Data: Federal Reserve Bank of St. Louis, Kaiser Family Foundation; Chart: Chris Canipe/Axios

American incomes have barely changed over the past 20 years on an inflation-adjusted basis, and that's due in large part to the exploding costs of health coverage.

The big picture: More people are plunging deeper into debt as the costs of housing, college and consumer goods greatly outgrow their paychecks. And those paychecks have been stagnant because employers are shoveling more money toward workers' health insurance.

Between the lines: Employers consider a block of compensation for every employee. Health insurance, which is exempt from taxes, has eaten up a lot more of that block over time.

  • In 1999, the average health insurance coverage for a family consumed 14% of the average household income, according to inflation-adjusted figures from the Census Bureau and the Kaiser Family Foundation.
  • By 2017, family coverage absorbed more than double that amount, to about 31% of take-home pay.
  • Health insurance has hovered consistently around 31% of household income since 2012, as companies shifted their employees to plans that had steady premiums but higher deductibles and out-of-pocket costs — a strategy that has largely backfired.

The bottom line: Controlling the costs of employer coverage means pushing back against the health care system, and more employers are doing this as they reach breaking points.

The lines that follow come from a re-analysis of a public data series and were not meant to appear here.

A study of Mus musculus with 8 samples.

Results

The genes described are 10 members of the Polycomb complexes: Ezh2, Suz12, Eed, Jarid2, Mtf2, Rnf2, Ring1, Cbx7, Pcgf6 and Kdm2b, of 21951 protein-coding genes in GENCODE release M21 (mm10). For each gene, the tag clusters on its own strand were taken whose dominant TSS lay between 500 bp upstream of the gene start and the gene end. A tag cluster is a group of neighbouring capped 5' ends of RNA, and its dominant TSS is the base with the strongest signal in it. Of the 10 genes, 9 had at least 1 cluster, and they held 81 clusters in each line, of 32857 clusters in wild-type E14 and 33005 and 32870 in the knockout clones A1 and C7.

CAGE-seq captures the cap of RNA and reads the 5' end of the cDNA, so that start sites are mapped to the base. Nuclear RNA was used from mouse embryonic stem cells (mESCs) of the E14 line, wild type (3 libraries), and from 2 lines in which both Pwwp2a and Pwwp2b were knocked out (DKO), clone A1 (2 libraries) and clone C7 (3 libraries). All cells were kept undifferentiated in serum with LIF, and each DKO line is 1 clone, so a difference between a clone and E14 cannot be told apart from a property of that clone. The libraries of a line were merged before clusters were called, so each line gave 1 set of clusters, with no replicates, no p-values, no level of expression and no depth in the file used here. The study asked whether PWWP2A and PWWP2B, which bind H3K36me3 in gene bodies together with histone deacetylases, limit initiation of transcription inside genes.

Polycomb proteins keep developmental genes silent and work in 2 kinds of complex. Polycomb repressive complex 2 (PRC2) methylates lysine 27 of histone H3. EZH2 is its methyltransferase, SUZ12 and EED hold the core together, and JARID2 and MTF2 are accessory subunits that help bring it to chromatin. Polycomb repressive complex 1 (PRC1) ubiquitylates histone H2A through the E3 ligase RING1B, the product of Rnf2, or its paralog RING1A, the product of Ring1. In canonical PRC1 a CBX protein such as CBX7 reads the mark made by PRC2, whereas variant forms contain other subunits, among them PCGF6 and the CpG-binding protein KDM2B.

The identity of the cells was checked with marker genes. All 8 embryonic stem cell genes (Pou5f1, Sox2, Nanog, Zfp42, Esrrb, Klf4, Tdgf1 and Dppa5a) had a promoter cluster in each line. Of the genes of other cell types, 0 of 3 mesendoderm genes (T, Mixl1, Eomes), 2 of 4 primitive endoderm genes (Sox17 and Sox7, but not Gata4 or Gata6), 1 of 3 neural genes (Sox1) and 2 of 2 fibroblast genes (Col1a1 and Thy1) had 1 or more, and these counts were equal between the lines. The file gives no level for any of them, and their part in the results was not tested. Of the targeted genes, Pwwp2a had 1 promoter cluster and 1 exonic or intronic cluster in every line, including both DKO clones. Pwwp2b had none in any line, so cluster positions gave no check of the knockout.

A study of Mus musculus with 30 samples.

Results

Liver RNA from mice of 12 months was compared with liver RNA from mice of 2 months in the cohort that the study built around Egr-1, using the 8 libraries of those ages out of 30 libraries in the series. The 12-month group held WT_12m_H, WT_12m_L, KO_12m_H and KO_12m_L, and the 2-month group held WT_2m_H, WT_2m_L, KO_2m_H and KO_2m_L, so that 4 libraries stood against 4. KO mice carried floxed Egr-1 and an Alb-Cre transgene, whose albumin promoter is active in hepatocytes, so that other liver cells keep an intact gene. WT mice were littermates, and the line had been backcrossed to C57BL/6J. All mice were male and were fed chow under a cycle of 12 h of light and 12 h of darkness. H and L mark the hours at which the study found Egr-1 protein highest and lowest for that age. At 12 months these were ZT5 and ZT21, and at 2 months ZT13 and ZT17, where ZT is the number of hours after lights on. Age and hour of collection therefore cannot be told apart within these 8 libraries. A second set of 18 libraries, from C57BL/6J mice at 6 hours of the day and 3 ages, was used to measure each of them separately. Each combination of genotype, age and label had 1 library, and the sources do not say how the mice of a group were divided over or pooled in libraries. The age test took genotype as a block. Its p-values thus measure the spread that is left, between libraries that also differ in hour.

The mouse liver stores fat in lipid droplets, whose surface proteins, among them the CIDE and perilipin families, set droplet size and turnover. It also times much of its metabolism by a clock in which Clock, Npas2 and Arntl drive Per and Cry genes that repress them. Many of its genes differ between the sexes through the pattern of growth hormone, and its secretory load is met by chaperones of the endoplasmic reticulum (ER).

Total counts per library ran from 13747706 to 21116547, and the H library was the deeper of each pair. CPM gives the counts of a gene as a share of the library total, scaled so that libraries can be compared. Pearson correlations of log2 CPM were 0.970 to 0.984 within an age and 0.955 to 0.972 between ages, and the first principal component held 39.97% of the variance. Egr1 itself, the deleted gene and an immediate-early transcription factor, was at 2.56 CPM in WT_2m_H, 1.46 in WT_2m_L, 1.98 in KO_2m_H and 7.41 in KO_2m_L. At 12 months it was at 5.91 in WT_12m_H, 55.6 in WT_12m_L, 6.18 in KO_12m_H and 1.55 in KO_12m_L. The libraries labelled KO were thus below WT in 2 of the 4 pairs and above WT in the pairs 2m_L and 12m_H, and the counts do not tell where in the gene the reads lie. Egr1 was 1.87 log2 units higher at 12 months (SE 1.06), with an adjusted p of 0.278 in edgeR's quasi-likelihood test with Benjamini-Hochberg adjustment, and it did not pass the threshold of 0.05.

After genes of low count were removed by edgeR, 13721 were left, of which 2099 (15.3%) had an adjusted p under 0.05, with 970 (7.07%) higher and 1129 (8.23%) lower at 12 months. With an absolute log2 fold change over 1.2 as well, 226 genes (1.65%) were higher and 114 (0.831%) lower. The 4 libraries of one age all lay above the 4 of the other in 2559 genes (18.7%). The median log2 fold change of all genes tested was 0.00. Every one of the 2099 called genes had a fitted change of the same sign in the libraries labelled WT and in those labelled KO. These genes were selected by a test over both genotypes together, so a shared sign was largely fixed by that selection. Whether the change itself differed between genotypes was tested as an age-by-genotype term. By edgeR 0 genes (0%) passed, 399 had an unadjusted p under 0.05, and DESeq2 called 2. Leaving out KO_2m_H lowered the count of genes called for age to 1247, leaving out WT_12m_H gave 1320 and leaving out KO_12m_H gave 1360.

Go deeper:

Go deeper

Felix Salmon, author of Capital

Why it matters: The highly-complex structures of capitalism are built from the mostly base motivations of individuals chasing money. That's been condemned and celebrated in equal measure — but has also largely been accepted.


Why it matters: The package is far narrower than anything congressional Democrats or the White House would agree to, but it serves as a marker for what Republicans want out of a potential bipartisan deal.

House passes bill that would make D.C. the 51st state

House Speaker Nancy Pelosi and Washington, D.C. Mayor Muriel Bowser. Photo: Alex Wong/Getty Images

The House of Representatives voted 216-208 on Thursday to pass a bill that would grant statehood to Washington, D.C.

The big picture: It's the second year in a row that the Democratic-controlled House has voted to recognize D.C. as the 51st state. The bill now heads to a divided Senate, where it faces little chance of reaching the 60 votes necessary to send to President Biden's desk.